DCCRPG #80 Intrigue at the Court of Chaos Review
I recently received my copy of Intrigue at the Court of Chaos from our FLGS, and it is fairly unique among the other DCC adventures. Its difficult to write a review like this without giving away some serious spoilers, but I think I can tip-toe around the main ones and at least speak to the concept of the adventure. One thing I love about DCC is that a 1st level adventure can have you traveling between planes, and coming face to face with deities. Normally RPGs reserve this for the very pinnacle of level advancement, with DCC all bets are off.
I think the cover for this module is one of Doug Kovacs’ absolute best. The swirling colors and myriad of characters immediately tips you off that this is not going to be a typical dungeon delve. Also the first map on the inside cover is of the court of chaos, and rather than a typical compass rose indicating which direction is north, it simply states: “N = There is no North! All is Chaos!” This was apparently a note on the reference map from adventure author Michael Curtis that Doug left in.
This is not a “beer and pretzels” kill the goblins in the cave and take their stuff 1st level adventure. This is much more cerebral and requires negotiation, and possible Player vs. Player in-fighting. The first part of this module is perfect for players who gush about not rolling a die for several hours and having it be the best RPG experience they have ever had. It certainly appeals to some, and definitely not to others. Essentially the party is charged with retrieving the Yokeless Egg from the Plane of Law, but the terms of this agreement and who in the party returns the egg to which member of the court brings about the intrigue.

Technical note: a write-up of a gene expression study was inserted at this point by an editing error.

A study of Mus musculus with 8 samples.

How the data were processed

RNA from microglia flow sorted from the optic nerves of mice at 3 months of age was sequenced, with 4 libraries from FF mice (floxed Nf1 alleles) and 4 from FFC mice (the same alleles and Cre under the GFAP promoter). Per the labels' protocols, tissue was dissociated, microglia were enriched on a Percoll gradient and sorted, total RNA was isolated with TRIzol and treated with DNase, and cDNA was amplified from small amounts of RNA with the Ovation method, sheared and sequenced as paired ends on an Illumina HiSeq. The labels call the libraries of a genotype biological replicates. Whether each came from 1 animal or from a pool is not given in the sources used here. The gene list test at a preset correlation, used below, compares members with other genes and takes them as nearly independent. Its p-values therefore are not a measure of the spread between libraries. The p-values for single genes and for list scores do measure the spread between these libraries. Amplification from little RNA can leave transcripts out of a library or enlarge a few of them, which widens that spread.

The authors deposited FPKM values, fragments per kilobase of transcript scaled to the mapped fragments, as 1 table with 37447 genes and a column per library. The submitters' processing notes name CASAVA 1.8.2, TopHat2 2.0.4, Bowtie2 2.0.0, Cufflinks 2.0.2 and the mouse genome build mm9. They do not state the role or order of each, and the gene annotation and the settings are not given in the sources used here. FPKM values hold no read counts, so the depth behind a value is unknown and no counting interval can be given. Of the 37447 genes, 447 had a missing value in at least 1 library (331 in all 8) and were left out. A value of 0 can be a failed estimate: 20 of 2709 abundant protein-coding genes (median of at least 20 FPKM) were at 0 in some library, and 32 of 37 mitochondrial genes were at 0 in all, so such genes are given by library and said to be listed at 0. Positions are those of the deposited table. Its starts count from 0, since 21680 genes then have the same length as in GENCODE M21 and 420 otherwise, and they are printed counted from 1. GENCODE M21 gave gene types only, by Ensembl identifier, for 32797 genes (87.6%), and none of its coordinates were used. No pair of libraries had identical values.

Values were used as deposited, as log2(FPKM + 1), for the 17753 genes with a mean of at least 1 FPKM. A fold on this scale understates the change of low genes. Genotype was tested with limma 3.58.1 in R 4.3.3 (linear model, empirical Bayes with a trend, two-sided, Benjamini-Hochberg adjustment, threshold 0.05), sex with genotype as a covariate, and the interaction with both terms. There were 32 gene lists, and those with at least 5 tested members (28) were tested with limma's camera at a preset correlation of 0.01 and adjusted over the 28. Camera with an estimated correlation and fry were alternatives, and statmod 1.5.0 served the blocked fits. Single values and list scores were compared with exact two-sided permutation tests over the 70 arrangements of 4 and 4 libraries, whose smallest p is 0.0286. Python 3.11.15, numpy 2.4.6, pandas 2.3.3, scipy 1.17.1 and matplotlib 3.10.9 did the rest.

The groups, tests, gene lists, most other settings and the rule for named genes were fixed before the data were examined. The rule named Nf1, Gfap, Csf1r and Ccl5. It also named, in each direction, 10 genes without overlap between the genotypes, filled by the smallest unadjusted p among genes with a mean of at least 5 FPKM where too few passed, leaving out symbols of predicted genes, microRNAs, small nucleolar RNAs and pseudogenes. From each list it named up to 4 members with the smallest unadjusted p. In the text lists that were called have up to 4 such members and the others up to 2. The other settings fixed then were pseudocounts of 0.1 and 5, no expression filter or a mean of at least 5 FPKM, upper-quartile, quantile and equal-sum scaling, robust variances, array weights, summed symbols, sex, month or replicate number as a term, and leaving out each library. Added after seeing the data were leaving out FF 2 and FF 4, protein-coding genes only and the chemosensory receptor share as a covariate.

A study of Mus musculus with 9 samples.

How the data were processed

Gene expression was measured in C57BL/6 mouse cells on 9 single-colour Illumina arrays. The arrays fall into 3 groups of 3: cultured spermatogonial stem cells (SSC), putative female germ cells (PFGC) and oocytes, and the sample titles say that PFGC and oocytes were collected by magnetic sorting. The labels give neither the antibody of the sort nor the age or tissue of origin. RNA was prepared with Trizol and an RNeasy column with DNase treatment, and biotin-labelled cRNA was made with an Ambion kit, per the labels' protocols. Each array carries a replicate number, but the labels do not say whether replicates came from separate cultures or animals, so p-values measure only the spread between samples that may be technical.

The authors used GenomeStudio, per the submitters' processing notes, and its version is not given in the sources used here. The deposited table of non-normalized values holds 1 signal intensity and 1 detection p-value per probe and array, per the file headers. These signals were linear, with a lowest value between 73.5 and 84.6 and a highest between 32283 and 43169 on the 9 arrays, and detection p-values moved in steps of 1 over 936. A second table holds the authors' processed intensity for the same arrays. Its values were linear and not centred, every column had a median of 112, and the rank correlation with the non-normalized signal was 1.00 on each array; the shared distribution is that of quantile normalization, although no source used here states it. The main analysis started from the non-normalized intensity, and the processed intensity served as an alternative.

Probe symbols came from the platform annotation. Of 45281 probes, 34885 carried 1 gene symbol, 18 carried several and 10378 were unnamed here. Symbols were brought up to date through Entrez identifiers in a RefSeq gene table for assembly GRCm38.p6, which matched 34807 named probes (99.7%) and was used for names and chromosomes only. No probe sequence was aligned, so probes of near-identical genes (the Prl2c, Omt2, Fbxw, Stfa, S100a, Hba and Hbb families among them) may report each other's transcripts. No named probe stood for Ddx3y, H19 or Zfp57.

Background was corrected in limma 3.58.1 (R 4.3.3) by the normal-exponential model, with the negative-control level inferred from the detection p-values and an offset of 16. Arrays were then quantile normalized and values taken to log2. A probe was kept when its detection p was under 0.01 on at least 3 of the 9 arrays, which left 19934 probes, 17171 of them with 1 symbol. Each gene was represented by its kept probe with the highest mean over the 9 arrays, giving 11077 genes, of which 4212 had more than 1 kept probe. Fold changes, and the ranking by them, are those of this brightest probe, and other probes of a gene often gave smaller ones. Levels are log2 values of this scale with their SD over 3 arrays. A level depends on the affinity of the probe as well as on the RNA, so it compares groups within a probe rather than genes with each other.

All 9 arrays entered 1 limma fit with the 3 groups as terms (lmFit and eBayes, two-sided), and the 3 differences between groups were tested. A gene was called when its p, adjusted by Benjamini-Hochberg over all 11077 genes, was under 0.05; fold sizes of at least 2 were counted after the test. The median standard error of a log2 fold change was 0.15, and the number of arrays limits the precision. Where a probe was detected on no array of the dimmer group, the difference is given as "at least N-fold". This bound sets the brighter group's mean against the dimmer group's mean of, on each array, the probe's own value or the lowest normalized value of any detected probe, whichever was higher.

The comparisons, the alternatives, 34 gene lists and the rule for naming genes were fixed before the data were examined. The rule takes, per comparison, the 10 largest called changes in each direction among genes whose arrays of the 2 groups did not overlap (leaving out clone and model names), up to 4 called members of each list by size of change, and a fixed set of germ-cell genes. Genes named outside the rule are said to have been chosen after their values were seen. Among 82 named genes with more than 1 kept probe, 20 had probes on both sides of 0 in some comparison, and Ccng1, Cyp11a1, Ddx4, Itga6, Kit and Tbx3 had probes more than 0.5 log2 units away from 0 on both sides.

The second part of the adventure involves actually retrieving the egg itself, which is more of a typical delve, if anything can be described as typical in DCC. One of the challenges I really enjoyed encourages the GM to drop a lump of clay on the table and have the players form something from it to solve puzzle. You can also do it through a roll with bonuses depending on your PC’s profession, or use a combination of both, but I felt the actual clay would make for a memorable encounter. Most of the plane of law is very combat-light and puzzle-heavy. If your group is tired of the old combat slog through a monster-hotel, this will be a refreshing change of pace. If all your players want to do is slay legions of beastmen with 32+ spell check magic missle, this may not be the best adventure for them.
There is a lot of potential to have one PC (accidentally or on purpose) leave the rest of the party stranded on the plane of law. There is also a lot of motivation for players to backstab (sometimes literally) the rest of their party for their own personal gain. (Hooray chaos!) There is a clear disclaimer at the beginning of the adventure that if your players “enjoyment of the game would be compromised” by such scheming, this is likely not the adventure for your table. I feel like both this, and the bonus adventure from the special edition of The 13th Skull called The Balance Blade could be exciting as a one-shot, but would be very challenging to integrate in to an existing campaign.
Overall it is a very entertaining read, and for the right group would be a very memorable game, but it certainly isn’t for everyone.